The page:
Pandering at the Pump

Though economists support a higher gas tax, convincing lawmakers is a challenge

Full Faith and Credit

If you’re an American politician, there are many ways to commit political suicide in spectacular fashion. You can disappear for days to pursue a steamy Argentinian affair. You can vow to help O. J. Simpson search for the “real killer.” But if you really want to go out with a bang, you can propose a bill to raise the federal tax on gasoline.

The United States has, by far, the lowest gas tax in the developed world. The federal tax has stood at 18.4 cents per gallon since 1993, despite inflation and changes in gasoline prices. Gas taxes help fund transportation projects and encourage consumers to use oil efficiently. Economists favor this form of taxation, as it factors the negative effects of gasoline usage (traffic, road damage, pollution) into its price.

But lawmakers, pandering to drivers, steadfastly refuse to consider increasing the gas tax. This shortsightedness has serious economic and environmental consequences. Although a major investment in our transportation infrastructure is long overdue, the Federal Highway Trust Fund, which uses gas-tax revenue for road construction and repair, is near broke. This necessitates yearly billion-dollar infusions from the federal budget and discourages new transportation projects. Even the U.S. Chamber of Commerce, not exactly a tax-happy bunch, favors a higher gas tax, since better transportation infrastructure will benefit businesses.

America’s vehicle fleet is a major source of greenhouse-gas emissions, largely due to the popularity of SUVs and pickup trucks. As gas approached $4 per gallon last year, Americans eschewed gas-guzzlers in favor of fuel-efficient vehicles. But now that oil prices have fallen, consumers can return to their old habits. A higher gas tax would encourage these consumers to purchase fuel-efficient cars and would give Detroit an incentive to manufacture hybrids and electric vehicles.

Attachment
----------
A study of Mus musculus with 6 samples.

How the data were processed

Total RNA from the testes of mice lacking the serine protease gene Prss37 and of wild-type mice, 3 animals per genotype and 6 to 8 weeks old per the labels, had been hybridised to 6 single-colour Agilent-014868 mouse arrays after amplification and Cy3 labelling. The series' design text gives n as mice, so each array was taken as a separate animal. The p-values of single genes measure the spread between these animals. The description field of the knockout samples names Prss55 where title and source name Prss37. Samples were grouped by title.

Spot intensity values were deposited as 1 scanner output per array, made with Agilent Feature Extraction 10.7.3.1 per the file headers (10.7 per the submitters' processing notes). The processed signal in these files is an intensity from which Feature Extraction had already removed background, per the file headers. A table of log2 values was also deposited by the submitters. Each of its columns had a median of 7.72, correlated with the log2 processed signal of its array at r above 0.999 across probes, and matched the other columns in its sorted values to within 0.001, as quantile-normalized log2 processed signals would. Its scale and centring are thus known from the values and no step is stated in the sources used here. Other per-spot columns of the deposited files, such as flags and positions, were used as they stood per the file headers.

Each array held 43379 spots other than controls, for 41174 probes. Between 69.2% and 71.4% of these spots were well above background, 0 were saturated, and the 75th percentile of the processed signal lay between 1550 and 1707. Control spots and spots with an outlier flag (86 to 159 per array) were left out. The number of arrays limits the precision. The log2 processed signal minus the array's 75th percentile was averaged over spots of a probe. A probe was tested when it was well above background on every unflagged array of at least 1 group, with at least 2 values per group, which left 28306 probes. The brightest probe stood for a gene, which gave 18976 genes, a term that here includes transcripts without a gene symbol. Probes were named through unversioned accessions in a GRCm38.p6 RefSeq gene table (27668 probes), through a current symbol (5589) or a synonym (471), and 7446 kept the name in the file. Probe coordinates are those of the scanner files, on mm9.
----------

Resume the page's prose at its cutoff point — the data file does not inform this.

Although most experts favor a higher gas tax, they disagree on what form it should take. Several states and the House Subcommittee on Highways and Transit have studied the feasibility of supplementing the existing gas tax with a per-mile road usage fee. Vehicles would be retrofitted to track and tax the number of miles traveled. Essentially, in the words of the Beatles’ “Taxman,” “If you drive a car, I’ll tax the street.” But the per-mile fee does not address differences in vehicle emissions; a Prius and a Suburban that cover an equal number of miles would pay the same fees. This proposed solution is also much more expensive to administer than a simple gas tax. Worst, the intrusive nature of installing mileage trackers onto vehicles would make the road fee unpopular—just try telling Idaho survivalists that Barack Obama wants to monitor their driving.

But even an ordinary increase in gas taxes poses a new question: Should it raise revenue for new spending? Energy economist Phil Verleger estimates that a $1 increase in the federal gas tax would raise $140 billion. Worthy proposals abound as to how this tidy sum could be spent. A 10-cent gas-tax hike could partially fund Rep. Jim Oberstar’s proposed transportation bill. New York Times columnist Tom Friedman recommends using gas-tax revenue for health-care spending and deficit reduction. Others would invest in renewable energy subsidies. Unfortunately, it would be politically radioactive to enact a steep new gas tax during an economic downturn. Republicans would accuse President Obama of violating his pledge not to raise taxes on the middle class; the attack ads would write themselves.

To overcome this challenge, the $1 increase in the gas tax should be made mostly revenue-neutral and should be phased in over three years. Spending on transportation projects should still account for 10 percent of the revenue due to the dire state of the Highway Trust Fund. But taxpayers should receive the remainder as a refund in the form of lower payroll taxes. This would boost incomes while giving businesses an incentive to hire new workers. At the same time, the rebates would not compromise the gas tax’s effectiveness at reducing consumption. Higher prices at the pump will still encourage Americans to drive less and purchase fuel-efficient cars.

While opposition to higher gas taxes may make politicians winners on Election Day, Americans lose in the long term. A revenue-neutral tax would improve America’s transportation network and reduce its greenhouse-gas emissions while giving lawmakers political cover to support it. Maybe voting for higher gas taxes isn’t political suicide after all.

Anthony P. Dedousis ’11 is an economics concentrator in Leverett House. His column appears on alternate Thursdays.